Scientists has revealed that they had developed a male oral contraceptive that is expected to enter human trials by the end of this year.

The researchers who are from the University of Minnesota presented the results of their trial on Wednesday at the spring meeting of the American Chemical Society (ACS).

According to Gunda Georg, head of the medicinal chemistry department at the university of Minnesota, the pill, — YCT529 — is said to be 99 percent effective in mice and will soon be used in human clinical trials in the third or fourth quarter of 2022.

Abdullah Al Noman, a Ph.D student at the University of Minnesota who who led the presentation told AFP that since the female birth control pill was first approved in the 1960s, researchers have been interested in a male equivalent.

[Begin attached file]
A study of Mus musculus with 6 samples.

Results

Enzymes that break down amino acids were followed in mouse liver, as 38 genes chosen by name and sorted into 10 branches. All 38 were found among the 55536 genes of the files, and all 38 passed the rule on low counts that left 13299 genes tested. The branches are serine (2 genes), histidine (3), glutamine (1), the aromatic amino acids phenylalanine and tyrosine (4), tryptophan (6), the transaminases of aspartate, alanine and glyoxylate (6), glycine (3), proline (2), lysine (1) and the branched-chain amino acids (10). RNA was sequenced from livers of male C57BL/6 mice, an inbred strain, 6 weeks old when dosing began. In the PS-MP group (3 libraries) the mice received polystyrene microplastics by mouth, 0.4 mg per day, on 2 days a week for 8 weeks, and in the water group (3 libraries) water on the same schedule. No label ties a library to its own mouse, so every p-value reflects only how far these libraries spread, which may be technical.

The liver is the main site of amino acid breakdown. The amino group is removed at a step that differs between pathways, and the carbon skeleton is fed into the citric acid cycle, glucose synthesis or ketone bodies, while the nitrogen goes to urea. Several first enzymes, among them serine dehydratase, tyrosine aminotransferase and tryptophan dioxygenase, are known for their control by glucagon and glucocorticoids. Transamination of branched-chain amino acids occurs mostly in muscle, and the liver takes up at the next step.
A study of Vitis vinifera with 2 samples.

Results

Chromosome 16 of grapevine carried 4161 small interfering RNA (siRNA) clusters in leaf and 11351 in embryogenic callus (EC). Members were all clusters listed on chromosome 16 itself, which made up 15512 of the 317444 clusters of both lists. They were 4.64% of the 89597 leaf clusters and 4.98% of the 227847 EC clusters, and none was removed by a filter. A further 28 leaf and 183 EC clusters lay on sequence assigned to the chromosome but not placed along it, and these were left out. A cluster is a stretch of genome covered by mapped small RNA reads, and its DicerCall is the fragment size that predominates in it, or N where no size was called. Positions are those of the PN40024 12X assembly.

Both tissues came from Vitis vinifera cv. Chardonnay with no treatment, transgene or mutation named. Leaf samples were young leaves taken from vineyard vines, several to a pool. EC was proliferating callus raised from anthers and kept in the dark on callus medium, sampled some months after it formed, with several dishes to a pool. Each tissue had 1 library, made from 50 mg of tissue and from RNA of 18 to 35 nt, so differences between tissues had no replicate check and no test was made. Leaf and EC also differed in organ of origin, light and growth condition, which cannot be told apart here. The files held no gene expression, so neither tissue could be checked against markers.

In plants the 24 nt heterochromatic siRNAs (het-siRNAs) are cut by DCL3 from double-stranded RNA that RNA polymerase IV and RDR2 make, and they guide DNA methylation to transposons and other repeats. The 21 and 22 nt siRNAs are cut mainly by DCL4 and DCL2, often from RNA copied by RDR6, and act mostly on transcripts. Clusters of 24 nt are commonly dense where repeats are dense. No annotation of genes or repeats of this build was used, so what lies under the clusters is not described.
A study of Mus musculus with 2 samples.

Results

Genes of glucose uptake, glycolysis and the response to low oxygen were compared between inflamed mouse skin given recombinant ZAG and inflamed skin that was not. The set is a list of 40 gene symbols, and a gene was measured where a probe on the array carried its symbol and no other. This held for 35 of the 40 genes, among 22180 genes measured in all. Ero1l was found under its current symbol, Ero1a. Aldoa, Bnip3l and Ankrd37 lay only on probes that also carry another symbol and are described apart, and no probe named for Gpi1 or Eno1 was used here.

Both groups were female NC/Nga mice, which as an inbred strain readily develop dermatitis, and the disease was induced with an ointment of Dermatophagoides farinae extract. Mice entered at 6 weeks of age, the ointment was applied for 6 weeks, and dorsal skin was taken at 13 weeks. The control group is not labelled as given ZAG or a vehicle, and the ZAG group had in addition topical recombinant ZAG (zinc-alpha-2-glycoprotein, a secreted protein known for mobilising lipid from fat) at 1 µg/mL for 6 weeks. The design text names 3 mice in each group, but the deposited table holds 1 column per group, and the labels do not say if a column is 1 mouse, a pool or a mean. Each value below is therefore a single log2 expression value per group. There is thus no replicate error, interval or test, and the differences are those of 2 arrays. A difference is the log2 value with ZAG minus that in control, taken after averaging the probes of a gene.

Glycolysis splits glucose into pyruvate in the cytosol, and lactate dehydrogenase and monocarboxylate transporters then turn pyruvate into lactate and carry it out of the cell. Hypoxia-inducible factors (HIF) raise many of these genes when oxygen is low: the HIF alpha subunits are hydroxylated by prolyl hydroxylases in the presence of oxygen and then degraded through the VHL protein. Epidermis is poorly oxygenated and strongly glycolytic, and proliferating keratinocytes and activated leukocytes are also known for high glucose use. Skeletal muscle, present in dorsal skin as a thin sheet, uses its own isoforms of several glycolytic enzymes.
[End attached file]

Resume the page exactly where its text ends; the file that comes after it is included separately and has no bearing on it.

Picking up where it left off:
He said that there have been only two effective male contraceptive available which are condoms and vasectomies. Vasectomies are surgical procedures which can potentially be reversed, but are generally considered a permanent form of male sterilisation.


Dr. Norman said the reversal surgery is “expensive and not always successful”, the researchers said, showing the need for “an effective, long-lasting but reversible contraceptive, similar to the birth control pill for women”.

“Scientists have been trying for decades to develop an effective male oral contraceptive, but there are still no approved pills on the market,” he added.

There are several compounds undergoing clinical trials but they target the male sex hormone testosterone, which could cause weight gain, depression and other side-effects.

“We wanted to develop a non-hormonal male contraceptive to avoid these side effects”.

When administered orally to male mice for four weeks, YCT529 drastically reduced sperm counts and was 99 percent effective in preventing pregnancy, without any observed adverse events.

The mice could once more sire pups four to six weeks after they were taken off the drug.